US Army begins testing GE ITEP engine for Black Hawk, Apache, FARA helos

by Gareth Jennings

The T901-GE-900 engine will power the US Army's fleets of Boeing AH-64E Apache Guardian, Sikorsky UH-60 Black Hawk, and Future Attack Reconnaissance Aircraft helicopters. (General Electric)

The US Army has begun tests of the General Electric (GE) T901-GE-900 engine that will power the service's Boeing AH-64E Apache Guardian, Sikorsky UH-60 Black Hawk, and Future Attack Reconnaissance Aircraft (FARA) helicopters.

The army announced the milestone for the Improved Turbine Engine Program (ITEP) on 23 March, saying it had conducted the first ‘light off' of the GE T901 First Engine to Test (FETT), meaning that fuel had been ignited to produce power.

“In turbine engine development, FETT is a critical milestone. It is the culmination years of engineering design work that will verify and validate engine performance models through engine testing,” the service said.

For its testing phase, the T901 FETT is instrumented with more than 700 sensors to capture performance data over 100 hours of run time for the next two months as the engine undergoes a gradual break-in process that builds up to maximum power runs. As noted by the army, this test phase will be followed by engine qualification.



by Gareth Jennings

The view of the A400M receiver aircraft from the Voyager mission controller console. (Crown Copyright)

The UK Royal Air Force (RAF) is continuing the process of rolling out the capabilities of the Airbus A400M C1 Atlas, announcing on 11 August the first operational aerial refuelling of the airlifter.

For the milestone, an A400M received fuel from an Airbus Voyager KC3 tanker via the centreline hose reserved for large aircraft receivers. The airlifter was refuelled 900 n miles southwest of Ascension Island, extending its 4,100 n miles range to accommodate the remaining 2,600 n miles to Mount Pleasant Airfield on the Falkland Islands.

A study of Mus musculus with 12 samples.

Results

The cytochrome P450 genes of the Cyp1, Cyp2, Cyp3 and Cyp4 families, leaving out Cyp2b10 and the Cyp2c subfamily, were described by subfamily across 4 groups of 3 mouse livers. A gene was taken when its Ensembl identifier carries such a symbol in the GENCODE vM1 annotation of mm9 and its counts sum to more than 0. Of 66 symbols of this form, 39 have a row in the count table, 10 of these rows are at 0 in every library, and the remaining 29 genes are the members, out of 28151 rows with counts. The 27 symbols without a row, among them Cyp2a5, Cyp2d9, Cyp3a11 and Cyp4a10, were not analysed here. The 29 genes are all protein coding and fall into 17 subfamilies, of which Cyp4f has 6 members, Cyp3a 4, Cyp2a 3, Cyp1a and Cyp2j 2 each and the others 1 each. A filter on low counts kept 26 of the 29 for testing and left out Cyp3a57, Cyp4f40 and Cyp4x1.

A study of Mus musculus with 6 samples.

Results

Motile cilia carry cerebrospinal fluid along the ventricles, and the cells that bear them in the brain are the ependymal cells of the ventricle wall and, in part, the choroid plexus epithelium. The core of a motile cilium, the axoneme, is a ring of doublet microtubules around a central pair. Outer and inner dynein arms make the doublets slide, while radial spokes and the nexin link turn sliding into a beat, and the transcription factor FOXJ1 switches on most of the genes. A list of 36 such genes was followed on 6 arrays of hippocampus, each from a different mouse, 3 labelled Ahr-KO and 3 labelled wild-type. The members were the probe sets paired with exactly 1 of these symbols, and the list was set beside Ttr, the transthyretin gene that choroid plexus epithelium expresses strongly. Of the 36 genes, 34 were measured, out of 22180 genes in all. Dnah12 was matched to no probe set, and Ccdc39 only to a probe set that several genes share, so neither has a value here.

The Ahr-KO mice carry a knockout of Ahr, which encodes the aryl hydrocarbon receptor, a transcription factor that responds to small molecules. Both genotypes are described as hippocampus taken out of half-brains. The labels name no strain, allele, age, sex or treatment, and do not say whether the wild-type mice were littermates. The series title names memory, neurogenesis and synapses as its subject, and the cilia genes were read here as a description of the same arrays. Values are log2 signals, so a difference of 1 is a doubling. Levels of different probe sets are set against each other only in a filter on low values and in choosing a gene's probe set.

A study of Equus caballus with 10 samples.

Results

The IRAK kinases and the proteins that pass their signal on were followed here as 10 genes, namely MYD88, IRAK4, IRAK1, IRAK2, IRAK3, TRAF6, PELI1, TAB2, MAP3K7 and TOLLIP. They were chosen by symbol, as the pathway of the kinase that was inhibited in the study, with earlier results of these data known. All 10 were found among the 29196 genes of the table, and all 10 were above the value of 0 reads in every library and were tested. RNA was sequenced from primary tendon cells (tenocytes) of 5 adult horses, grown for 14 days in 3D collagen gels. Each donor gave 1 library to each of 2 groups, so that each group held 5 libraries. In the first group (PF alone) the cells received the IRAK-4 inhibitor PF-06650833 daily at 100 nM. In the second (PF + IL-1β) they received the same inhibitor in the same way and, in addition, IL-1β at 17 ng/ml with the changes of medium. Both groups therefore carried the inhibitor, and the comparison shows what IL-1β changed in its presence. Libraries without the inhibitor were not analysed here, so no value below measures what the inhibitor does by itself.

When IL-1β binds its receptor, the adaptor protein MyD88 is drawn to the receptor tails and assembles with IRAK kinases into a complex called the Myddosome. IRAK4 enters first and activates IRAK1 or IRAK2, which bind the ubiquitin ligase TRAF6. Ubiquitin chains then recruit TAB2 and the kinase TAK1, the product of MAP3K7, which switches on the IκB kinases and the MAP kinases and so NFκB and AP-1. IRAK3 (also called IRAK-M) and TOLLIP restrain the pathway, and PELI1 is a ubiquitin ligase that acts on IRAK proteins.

“The execution of long-range air-to-air refuelling by front-line crews is a major milestone for Atlas. The ability of this aircraft to operate at significant range from the UK, demonstrates our enhanced and resilient force sustainment capabilities,” said Wing Commander Stuart Patton, Officer Commanding 30 Squadron.



by Akhil Kadidal

Taiwan said that the PLA flew 49aircraft into the Air Defense Identification Zone (ADIZ) on 5 August whereas China has said that it is flying ‘hundreds' of aircraft into the ADIZ. (VCG via Getty Images)

China says it is dispatching hundreds of combat aircraft to the six live-fire zones around Taiwan. However, Taipei's daily air incursion reports show smaller figures. Janes assesses that this could partly be because of strains on the country's radar network.

China launched a four-day live-fire exercise around Taiwan from 4 August, in response to a visit by US House Speaker Nancy Pelosi on 2 August.

On the first day of the drills, the People's Liberation Army's (PLA's) Eastern Theatre Command said that it had “dispatched hundreds of fighters, bombers, and other multitype [aircraft] to the airspace in the north, southwest, and southeast of Taiwan Island”.

The PLA added that the aircraft are conducting “day and night” joint reconnaissance flights, air assault training, and support flights. All six live-fire zones are within Taiwan's Air Defense Identification Zone (ADIZ).



by Oishee Majumdar & Akshara Parakala

Norinco's Loitering Dragon FL5A (pictured above) is one of the UAVs identified by Janes in a propaganda video released by the PLA against the backdrop of its military exercises around Taiwan since 4 August. (Janes/Akshara Parakala)

Taiwan's Ministry of National Defense (MND) said the country continues to face incursions by Chinese unmanned aerial vehicles (UAVs) even after a series of live-fire drills conducted by the People's Liberation Army (PLA) came to an end on 7 August.

The Kinmen Defense Command of the Republic of China Army (RoCA) announced on 10 August that one batch and one sortie of unidentified UAVs had entered over “the restricted waters” of the Beiding Island in Taiwan's Kinmen County on the evening of 9 August.

The RoCA troops stationed in the area fired flares to warn off the UAVs in accordance with standard operating procedures, the command said.

The MND has assured that the RoCA is capable of swiftly responding to such threats.